Hospital Errors 10 Times Higher Than Previously Estimated, Study Finds


Study Details

For the study, University of Utah researchers and colleagues analyzed the records of nearly 800 patients admitted in October 2004 at three large U.S. medical centers with strong patient safety initiatives (McKinney, Modern Healthcare, 4/7).

A "key challenge" to measuring and reducing adverse events in hospitals "has been agreeing on a yardstick measuring the safety of care in hospitals," according to the study authors. Prior research has indicated that automated measurements of patient safety are not specific enough to accurately identify adverse events.

In this study, researchers compared the Institute for Healthcare Improvement's Global Trigger Tool -- a new systematic review of patient charts that is conducted by two or three hospital employees -- with the Agency for Healthcare Research and Quality's Patient Safety Indicators and hospitals' self-reporting systems (Classen et al., Health Affairs, April 2011).

Key Findings

Using all three measurement methods, the researchers identified 393 adverse events across approximately one-third of admissions.

The IHI tool detected 354 events -- 90% of the total and 10 times more than the AHRQ indicators, which detected only 35 events, or 9% of the total. Meanwhile, hospitals' voluntary reporting systems identified only four events, or 1% of the total.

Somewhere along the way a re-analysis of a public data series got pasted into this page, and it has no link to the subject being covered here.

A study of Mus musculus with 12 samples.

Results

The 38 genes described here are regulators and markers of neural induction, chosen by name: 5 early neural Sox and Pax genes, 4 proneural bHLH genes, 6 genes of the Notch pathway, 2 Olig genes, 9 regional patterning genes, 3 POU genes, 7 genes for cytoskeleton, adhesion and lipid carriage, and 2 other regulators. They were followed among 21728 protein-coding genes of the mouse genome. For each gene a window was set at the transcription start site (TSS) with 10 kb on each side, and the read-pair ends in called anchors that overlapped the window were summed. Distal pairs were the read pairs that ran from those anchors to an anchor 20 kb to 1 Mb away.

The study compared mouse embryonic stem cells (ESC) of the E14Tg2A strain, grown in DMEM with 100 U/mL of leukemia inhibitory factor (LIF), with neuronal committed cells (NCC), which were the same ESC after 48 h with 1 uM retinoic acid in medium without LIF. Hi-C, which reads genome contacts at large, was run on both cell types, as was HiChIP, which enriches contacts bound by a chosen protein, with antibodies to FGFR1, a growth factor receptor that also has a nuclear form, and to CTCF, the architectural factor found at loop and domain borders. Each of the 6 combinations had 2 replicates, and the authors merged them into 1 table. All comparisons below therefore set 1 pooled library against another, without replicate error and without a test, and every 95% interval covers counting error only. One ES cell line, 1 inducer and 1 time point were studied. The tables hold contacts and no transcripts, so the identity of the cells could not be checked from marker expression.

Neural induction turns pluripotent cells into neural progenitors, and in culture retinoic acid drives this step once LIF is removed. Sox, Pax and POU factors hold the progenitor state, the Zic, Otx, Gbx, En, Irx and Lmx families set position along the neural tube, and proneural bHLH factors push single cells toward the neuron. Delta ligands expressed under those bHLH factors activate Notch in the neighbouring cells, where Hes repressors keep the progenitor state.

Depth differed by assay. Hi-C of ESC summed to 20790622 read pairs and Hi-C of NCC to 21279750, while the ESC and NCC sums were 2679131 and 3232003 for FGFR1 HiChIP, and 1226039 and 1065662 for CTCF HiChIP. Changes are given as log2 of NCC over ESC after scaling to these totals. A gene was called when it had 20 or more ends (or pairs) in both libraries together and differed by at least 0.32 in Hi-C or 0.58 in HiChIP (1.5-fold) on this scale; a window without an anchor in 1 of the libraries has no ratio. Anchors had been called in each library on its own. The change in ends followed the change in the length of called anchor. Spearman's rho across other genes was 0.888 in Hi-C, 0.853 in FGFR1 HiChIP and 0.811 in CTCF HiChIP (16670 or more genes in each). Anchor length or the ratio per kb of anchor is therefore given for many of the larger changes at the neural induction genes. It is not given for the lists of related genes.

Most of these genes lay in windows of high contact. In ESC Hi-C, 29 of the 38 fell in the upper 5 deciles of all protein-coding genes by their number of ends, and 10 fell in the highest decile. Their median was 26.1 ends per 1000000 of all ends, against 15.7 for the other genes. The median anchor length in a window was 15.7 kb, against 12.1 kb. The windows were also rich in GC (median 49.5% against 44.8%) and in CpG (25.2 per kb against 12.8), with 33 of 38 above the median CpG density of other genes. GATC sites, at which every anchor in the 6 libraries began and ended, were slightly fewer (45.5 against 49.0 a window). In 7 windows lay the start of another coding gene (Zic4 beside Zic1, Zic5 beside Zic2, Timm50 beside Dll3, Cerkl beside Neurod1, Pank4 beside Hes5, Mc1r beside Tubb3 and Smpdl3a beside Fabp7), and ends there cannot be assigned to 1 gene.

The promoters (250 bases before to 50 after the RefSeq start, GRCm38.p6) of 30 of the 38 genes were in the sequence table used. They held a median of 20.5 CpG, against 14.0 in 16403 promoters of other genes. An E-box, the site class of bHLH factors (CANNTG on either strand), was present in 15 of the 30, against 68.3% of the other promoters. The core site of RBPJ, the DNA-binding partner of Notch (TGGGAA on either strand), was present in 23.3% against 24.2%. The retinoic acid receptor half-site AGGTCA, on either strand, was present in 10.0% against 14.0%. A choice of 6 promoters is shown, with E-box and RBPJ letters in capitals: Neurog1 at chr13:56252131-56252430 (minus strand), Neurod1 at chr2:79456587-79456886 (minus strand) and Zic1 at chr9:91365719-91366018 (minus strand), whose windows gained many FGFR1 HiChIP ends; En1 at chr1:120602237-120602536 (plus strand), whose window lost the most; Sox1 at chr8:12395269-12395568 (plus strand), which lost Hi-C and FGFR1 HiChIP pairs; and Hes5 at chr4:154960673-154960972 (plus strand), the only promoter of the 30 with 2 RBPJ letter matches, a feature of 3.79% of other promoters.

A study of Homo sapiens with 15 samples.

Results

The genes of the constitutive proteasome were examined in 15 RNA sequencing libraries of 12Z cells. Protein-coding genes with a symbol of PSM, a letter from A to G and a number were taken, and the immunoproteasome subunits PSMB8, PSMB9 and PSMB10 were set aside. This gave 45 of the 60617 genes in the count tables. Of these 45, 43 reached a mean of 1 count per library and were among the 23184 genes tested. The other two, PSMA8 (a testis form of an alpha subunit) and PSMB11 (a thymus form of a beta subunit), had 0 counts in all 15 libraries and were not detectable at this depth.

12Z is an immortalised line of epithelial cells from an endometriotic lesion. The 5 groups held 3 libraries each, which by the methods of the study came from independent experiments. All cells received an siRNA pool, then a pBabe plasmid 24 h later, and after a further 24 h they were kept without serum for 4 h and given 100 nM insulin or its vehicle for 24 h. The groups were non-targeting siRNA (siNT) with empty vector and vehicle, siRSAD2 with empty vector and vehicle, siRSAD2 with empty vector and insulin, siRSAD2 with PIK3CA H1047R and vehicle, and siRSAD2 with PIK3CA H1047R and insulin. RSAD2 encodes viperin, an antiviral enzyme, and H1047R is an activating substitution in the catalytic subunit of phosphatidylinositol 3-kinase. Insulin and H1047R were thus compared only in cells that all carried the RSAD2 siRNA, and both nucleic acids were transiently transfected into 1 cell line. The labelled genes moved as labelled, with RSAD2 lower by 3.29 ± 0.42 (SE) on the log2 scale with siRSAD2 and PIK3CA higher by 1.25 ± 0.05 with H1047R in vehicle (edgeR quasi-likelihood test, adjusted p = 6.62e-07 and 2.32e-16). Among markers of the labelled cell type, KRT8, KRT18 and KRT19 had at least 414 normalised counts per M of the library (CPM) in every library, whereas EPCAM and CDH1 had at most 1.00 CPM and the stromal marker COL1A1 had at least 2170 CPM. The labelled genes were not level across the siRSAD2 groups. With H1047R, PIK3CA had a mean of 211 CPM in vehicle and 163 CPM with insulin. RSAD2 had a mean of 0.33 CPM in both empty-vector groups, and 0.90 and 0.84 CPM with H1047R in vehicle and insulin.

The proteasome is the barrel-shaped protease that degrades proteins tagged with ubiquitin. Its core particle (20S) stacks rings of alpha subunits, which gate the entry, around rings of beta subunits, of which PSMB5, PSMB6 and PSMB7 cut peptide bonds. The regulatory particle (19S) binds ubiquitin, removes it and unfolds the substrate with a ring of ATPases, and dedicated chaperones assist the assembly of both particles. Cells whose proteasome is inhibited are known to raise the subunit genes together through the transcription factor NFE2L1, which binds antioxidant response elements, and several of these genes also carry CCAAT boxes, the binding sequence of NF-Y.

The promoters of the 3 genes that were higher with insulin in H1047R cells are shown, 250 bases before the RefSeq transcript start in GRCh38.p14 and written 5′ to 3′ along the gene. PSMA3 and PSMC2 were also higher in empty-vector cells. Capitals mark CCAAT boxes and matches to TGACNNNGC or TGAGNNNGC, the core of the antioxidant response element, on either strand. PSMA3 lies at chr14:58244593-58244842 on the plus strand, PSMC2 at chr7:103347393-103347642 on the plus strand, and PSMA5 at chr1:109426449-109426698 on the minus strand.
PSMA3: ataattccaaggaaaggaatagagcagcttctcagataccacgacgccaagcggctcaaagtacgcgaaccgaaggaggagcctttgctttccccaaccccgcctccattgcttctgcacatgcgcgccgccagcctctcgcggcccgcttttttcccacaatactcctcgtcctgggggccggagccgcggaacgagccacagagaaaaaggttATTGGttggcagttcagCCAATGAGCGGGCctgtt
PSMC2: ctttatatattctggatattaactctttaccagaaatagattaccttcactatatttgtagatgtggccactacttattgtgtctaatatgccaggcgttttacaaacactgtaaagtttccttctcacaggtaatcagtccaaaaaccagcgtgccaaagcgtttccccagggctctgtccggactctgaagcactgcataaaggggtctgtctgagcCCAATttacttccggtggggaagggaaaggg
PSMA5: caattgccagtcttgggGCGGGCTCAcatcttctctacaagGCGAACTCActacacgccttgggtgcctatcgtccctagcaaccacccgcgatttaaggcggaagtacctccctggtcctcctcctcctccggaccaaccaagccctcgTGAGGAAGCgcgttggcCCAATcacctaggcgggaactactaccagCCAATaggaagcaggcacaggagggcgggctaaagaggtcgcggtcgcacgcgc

The study's authors suggest that adverse-event estimates that rely on the use of AHRQ indicators or voluntary reporting systems "may be seriously misjudging actual performance" (Modern Healthcare, 4/7). The researchers also note that more widespread adoption of electronic health records could "facilitate the use of multiple parallel adverse event detection methods."

Conclusions

Despite the high number of adverse events identified by the IHI tool, the study notes that the "true rates are likely to be higher still" (Health Affairs, April 2011).

Health Affairs Editor-in-Chief Susan Dentzer said, "It's clear we still have a great deal of work to do in order to achieve a health care system that is consistently high-quality" (Steenhuysen, Reuters, 4/7).

Bett Martinez
There's some sort of penalty on re-admission built into health reform. Still, I wonder if anyone is doing comparable studies to see if single pay systems in Canada and Europe have as many errors. Do they have them, but don't find them? Was in Europe last year asking questions. Did not hear anyone complaining like people do here, about medical errors. Is this cultural, or are there simply not as many errors made?
Anne Cuenca
When we improve our health care system, we should also improve the issues we have in the way that health care is delivered. After all it still contributes to the overall increase in health care costs. If a patient is not treated well the first time they are admitted to the hospital or emergency room, they'll still come back for further treatment and even stay longer if it leads to a more serious condition.